Rita's Dresdner Stollen Cake 

This Dresdner Stollen is a Christmas cake that come’s from Rita’s grandmother Oma Irmgard in Germany. For Rita, growing up in communist East Germany meant treats were scarce, but a lot of preparation went into making the dense, buttery Christmas cake once a year. This is a scaled down version for just 1 small cake.

 

This recipe was part of Anchor’s partnership with The AM Show and Newshub where we discovered what gave Kiwis all around New Zealand the feeling of home


180 mins serves 4

Ingredients

1 kg flour 

100 g fresh yeast or 2 packages active dry yeast

1/2 L milk

200g sugar

500g unsalted butter

Zest of 1 Lemon (spray free)

125 ground sweet almonds

If available 50g of ground bitter almonds or bitter almond flavouring

10g of Salt

30g Vanilla Sugar or some Vanilla Essence

375g Raisins (if desired soaked in Rum overnight)

100g Currants

150g chopped candied orange peel (orangeat) and candied lemon peel (zitronat)

 

For the Dusting of the top after baking:

200g of Unsalted Butter

100-200g of Icing Sugar

(This is a yeast-based cake and thus has more than one step in its preparation.)

Before you start make sure:

  • All ingredients have the same temperature.
  • Salt and fat do not come into direct contact with the yeast.
  • Do not expose the dough to a draft while it is rising.
  • Prepare a preliminary dough to test the yeast.

Please Note: You can make this by hand (the way I learnt) or use a stand mixer with the dough attachment. Also, while regular instant yeast works in this recipe, fresh baker’s yeast that's formulated for high-sugar doughs, makes a huge (and positive) difference both in rising time and the texture of the finished product (I buy mine if I can, from a Mediterranean Food Supply place in the South Island).

Method

If using dry yeast, dissolve it in some of the warm milk with 2 tablespoons of the sugar. Allow to rise “proof" in a warm place until bubbly. Otherwise:

  1. Sift the flour into a large (!) mixing bowl; Make a well in the center of the flour. 
  2. Crumble the fresh yeast in a small bowl and mash together with a couple of tablespoons of the sugar until the yeast is liquid.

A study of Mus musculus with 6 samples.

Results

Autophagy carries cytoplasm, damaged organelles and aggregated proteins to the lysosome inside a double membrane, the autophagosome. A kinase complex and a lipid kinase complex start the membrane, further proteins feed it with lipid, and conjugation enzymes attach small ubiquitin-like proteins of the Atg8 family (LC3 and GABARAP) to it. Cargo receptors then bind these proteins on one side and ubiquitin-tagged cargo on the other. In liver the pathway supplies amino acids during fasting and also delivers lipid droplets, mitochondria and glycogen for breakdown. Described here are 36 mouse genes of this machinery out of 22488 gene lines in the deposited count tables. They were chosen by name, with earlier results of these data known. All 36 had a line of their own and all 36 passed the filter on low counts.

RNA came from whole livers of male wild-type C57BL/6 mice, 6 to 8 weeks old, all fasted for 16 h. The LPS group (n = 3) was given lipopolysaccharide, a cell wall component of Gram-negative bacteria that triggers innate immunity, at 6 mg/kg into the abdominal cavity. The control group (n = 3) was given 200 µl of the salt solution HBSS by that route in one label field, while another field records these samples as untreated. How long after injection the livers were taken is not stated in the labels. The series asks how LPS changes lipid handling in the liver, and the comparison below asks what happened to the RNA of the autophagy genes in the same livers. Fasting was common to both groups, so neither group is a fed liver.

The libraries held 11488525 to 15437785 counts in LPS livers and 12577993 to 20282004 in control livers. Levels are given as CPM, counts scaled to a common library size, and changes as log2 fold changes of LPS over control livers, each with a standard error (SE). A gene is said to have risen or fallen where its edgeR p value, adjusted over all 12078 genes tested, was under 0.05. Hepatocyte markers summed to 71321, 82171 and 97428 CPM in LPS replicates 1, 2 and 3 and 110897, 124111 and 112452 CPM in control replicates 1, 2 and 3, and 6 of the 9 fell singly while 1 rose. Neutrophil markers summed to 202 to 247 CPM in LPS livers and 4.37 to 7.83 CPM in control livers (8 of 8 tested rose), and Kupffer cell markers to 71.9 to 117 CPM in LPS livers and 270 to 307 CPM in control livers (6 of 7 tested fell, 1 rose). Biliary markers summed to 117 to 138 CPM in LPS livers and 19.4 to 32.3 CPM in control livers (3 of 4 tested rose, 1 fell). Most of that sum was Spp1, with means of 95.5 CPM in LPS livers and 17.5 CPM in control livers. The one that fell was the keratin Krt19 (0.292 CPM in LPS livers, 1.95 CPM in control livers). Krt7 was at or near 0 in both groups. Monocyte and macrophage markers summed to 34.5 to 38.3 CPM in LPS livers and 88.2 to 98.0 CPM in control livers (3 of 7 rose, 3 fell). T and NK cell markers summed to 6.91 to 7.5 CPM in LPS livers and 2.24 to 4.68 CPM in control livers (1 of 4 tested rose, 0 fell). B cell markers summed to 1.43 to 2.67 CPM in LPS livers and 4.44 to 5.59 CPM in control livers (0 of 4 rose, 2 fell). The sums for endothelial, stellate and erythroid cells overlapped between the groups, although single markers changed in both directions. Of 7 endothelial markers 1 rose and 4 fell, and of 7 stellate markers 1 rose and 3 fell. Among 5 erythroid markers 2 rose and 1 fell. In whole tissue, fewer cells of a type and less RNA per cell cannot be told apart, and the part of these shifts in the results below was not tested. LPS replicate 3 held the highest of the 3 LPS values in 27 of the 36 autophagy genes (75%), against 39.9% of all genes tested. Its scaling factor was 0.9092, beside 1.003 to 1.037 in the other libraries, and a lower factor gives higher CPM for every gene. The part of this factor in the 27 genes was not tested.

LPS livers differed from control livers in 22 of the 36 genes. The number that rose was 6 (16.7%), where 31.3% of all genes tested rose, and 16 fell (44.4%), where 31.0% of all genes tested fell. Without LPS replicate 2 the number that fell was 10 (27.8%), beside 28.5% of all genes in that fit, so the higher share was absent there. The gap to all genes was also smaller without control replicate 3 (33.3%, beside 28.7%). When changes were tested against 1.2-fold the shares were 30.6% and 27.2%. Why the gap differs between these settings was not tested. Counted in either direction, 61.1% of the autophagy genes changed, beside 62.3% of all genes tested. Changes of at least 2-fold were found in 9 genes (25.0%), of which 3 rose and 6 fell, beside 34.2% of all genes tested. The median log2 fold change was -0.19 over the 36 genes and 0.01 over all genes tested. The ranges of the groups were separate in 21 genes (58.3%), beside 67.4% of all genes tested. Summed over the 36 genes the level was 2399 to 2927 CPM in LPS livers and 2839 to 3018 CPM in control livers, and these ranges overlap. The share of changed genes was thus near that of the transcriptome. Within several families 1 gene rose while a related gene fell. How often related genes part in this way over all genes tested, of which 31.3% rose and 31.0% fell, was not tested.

3. Heat the milk until just warm to the touch.
  4. Pour into the well in the flour, along with the yeast/sugar mixture.
  5. Draw in some (but not all) of the flour with a wooden spoon or with your fingers, mixing well, to make a thick batter in the centre of your bowl.
  6. Dust some of the “outside” flour over the top, cover the bowl with a damp towel, and allow this "sponge" to rise in a warm place until bubbling and doubled in bulk -- about 30 minutes.
  7. Meanwhile melt the butter (do not brown!) and zest your lemon.
  8. When the “sponge” in the middle has risen sufficiently, beat the batter briefly (by hand or with a wooden spoon) to deflate the mixture then add all other ingredients and gently kneed the dough until it comes clean off your hands (or tools) and the side of the bowl (some elbow grease is needed here if you do this by hand). If needed you may add some extra flour to help with this process.
  9. When sufficiently kneaded, place the dough in a well-buttered bowl, lightly buttering the surface of the dough, and cover with a damp towel. Allow to rise in a warm/draft-free place until double in bulk -- approximately 1 1/2 hours. 
  10. Punch the dough down with your fist and knead very thorough again by hand on a surface that has been dusted with flour. Shape into an Oval Loaf and slightly cut the top lengthwise (not to deep!). Place on a Flat Oven Tray lined with baking paper or greased with butter.
  11. Preheat your Oven to 175 - 200 °C  
  12. Bake for about 1 hour on the middle rack (fan-forced) or slightly longer if conventional oven is used. Check if your Stollen is done by inserting a wooden skewer into the middle, if it comes out clean your cake is done – it should look light brown all around.
  13. Let it cool down a little after baking.
  14. Now heat the butter until liquid and brush your stollen (use a pastry brush) all around with it, sift over the icing sugar whilst the butter is still wet and liquid, if desired, repeat this process. 
  15. Your Stollen should rest at least 1 week in a cool, dark place before cutting so the flavours can work their way through the cake.